New York City Mayor Michael Bloomberg donated $1 million to committees supporting school board candidates -- in Los Angeles.
New York City Mayor Michael Bloomberg donated $1 million to committees supporting school board candidates -- in Los Angeles.
Slaven Vlasic/Getty Images

A $1 million donation from across the country has upped the ante big time in the three Los Angeles Unified school board races.

New York Mayor Michael Bloomberg, a policy ally of L.A. Mayor Antonio Villaraigosa, donated the seven figure sum to the Coalition For School Reform, an independent expenditure committee Villaraigosa started years ago to make his mark on the school board.  The committee is supporting the campaigns of incumbent board president Monica Garcia and newcomers Antonio Sanchez and Kate Anderson — candidates opposed by the city's teachers union.

The donation brings the coalition’s war chest to $2.5 million. The group has already spent hundreds of thousands of dollars on television ads for the candidates.

Villaraigosa and Bloomberg are both strong proponents of opening more publicly-funded charter schools and overhauling teacher evaluations to include student progress on test scores. Both mayors have tussled with their respective teachers unions over these issues.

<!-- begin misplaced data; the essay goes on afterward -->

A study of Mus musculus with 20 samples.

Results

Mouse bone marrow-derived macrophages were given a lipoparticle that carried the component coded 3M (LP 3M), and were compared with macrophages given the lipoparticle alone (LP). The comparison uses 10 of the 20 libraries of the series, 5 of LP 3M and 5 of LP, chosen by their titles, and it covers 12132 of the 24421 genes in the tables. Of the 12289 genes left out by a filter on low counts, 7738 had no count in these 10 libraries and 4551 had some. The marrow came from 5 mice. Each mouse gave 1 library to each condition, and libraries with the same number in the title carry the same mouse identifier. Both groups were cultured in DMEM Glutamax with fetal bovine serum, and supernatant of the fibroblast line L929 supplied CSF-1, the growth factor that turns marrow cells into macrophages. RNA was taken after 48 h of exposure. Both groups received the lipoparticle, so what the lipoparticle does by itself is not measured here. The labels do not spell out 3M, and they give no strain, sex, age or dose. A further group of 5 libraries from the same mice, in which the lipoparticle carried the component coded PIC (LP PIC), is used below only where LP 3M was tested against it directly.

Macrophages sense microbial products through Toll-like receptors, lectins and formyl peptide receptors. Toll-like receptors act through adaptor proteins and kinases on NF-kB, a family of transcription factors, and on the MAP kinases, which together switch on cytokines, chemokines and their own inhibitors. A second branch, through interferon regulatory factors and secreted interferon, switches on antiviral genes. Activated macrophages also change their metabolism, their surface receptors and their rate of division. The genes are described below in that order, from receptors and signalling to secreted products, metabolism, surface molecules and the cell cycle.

Bloomberg isn’t the only big donor to the Coalition for School Reform. Philanthropist Eli Broad donated $250,000. Media mogul Jerrold Perenchio donated $250,000. Bloomberg’s former schools chief Joel Klein donated $25,000 to the coalition.

Supporters of the coalition say the involvement of such high profile, wealthy spenders in the board election can only help improve the struggling school district.

United Teachers Los Angeles is expected to be the other big spender in the board race. Gregg Solkovits, who’s in charge of the independent expenditure committee for the teachers union, said he wasn’t surprised by Bloomberg’s donation.

“There’s tons of out of state and out of city money coming to fund the races,” he said.

Independent expenditure spending took off in L.A. Unified’s 2009 school board races after a city law capped individual donations to $1,000 per race but lifted any limits on the amount of money independent committees could spend.

The primary election will be held March 5.

Correction: An earlier version of this story misspelled Gregg Solkovits' name.